Study: Walking Just 10 Minutes a Day May Boost Longevity
Ten minutes of walking at a moderate pace equates to roughly 1,000 steps. Photo: Westend61/Getty Images
The search continues for the elusive elixir of life, but in the meantime, how about an evening stroll to extend our lifespans?
Research from South Korea appears to have confirmed as much, having reported that even just 10 minutes a day can significantly lower the risk of all-cause and cardiovascular (issues related to the heart) mortality in people over 85. Ten minutes of walking at a moderate pace equates to roughly 1,000 steps.
“Identifying the minimum amount of exercise that can benefit the oldest old is an important goal since recommended activity levels can be difficult to achieve,” said co-author Dr Moo-Nyun Jin. “Our study indicates that walking even just one hour every week is advantageous to those [ages] 85 years and older compared to being completely inactive. The take-home message is to keep walking throughout life.”
A Rundown of the Findings
As part of their research, the team examined data from the Korean National Health Screening Program on the exercise habits of some 7,047 South Korean people aged 85 or over. Using questionnaire responses, they were able to assess the amount of time spent every week engaging in slow walking as well as moderately intense (e.g., cycling or brisk walking) or vigorous physical activity (e.g., running).
They found that 42% were regular walkers, while around 1 in 4 engaged in either moderate or vigorous exercise. Around one-third of the regular walkers also performed moderate or vigorous physical activity.
The team then analyzed the associations between walking, all-cause mortality, and cardiovascular mortality following adjustment for energy spent on moderate to vigorous exercise. The key finding was that those who walked for at least an hour a week had a 40% reduced risk of all-cause and cardiovascular mortality than those who remained inactive.
“When it comes to healthy aging, exercise is about the closest thing we have to a miracle drug, and this study reinforces the idea that with even modest physical activity, older adults can reap real benefits,” commented Dr Scott Kaiser to Medical News Today.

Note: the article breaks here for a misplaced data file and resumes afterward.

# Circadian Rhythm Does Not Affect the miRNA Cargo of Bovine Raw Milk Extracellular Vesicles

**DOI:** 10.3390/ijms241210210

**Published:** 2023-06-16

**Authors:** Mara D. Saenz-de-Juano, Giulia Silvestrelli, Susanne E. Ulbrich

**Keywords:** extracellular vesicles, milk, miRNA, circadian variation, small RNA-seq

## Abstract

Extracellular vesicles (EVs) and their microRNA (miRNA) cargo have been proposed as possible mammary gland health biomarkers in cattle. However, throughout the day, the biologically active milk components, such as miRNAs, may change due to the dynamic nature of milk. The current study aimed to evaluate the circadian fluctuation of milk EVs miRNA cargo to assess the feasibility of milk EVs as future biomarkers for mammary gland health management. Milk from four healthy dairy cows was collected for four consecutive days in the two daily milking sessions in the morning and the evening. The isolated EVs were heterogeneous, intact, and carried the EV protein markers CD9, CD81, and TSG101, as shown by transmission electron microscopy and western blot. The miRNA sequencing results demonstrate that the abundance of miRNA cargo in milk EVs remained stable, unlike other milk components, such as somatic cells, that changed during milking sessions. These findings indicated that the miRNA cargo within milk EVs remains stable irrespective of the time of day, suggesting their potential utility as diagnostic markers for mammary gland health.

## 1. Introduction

A limitation of the study is that it’s observational, so we can’t make firm claims about causality just yet; however, the results do back up existing research on the matter. The findings were presented at an international conference in Europe but are still awaiting peer review.
The Importance of Physical Activity As You Age
It’s no secret that aging brings increased health risks, including chronic conditions and a general decline in physical and mental abilities.
Ours is an aging society just like many other nations across the world. Globally, there are well over 1 billion people over the age of 65, and this number is set to at least double by 2050. While longer lifespans are certainly an achievement worth celebrating, they bring their own challenges along for the ride.
Exercise is a core element of healthy aging because it dampens our risk of developing notorious chronic illnesses like diabetes and cardiovascular issues, and it also helps to keep our physical and mental faculties intact for longer. Balance and flexibility are other benefits of the exercised body, something that can do wonders for maintaining functional independence and a greater quality of life.
Previous studies have hammered home the same message for older people as the current study. An observational study published earlier this year also showed that exercise is negatively correlated with all-cause mortality risks.
The same paper reported that reaching the 150 minutes a week guideline maxes out the survival advantage the elderly can gain through regular exercise, so there are increasing benefits to be gained all the way up to that point of commitment.
Benefits of Exercise Source: TheVisualMD
Not Everyone Can Move Like They Used To
A caveat here is that not every senior is capable of exercising for that long or even at a moderate level of intensity. For situations like this, the guidelines recommend that you do what you can according to your abilities — just make sure to consult your healthcare professional first.
A common technique is to expand the exercise in activities you’re already doing; more specifically, fitting in some extra steps where you can.
Do you drive your car store to buy groceries? Park it further away than you normally would. If it’s within your abilities to opt for the stairs rather than an escalator/elevator, use that instead.
You can also tie in social time with friends and family into an exercise-oriented activity. Simply going for a regularly scheduled walk with loved ones is a great way to take care of two needs at once.
Finally, for those who prefer something more structured and led by instruction, there are classes designed specifically for seniors. Trained professionals can assess your abilities and comfort while keeping in mind the potential for injuries. The group environment also makes for an excellent place to meet new people and socialize.
“We know that regular physical activity is good for us at any age as it helps to maintain a healthy weight and reduces your risk of developing high blood pressure and high cholesterol,” said Chloe McArthur from the British Heart Foundation to Yahoo.
“These are vital to reduce your risk of having a heart attack or stroke and improve your quality of life. It’s never too late to get active. Start small and try to incorporate more movement in your day-to-day life, whether that is doing the housework, gardening, or popping out for a quick stroll.”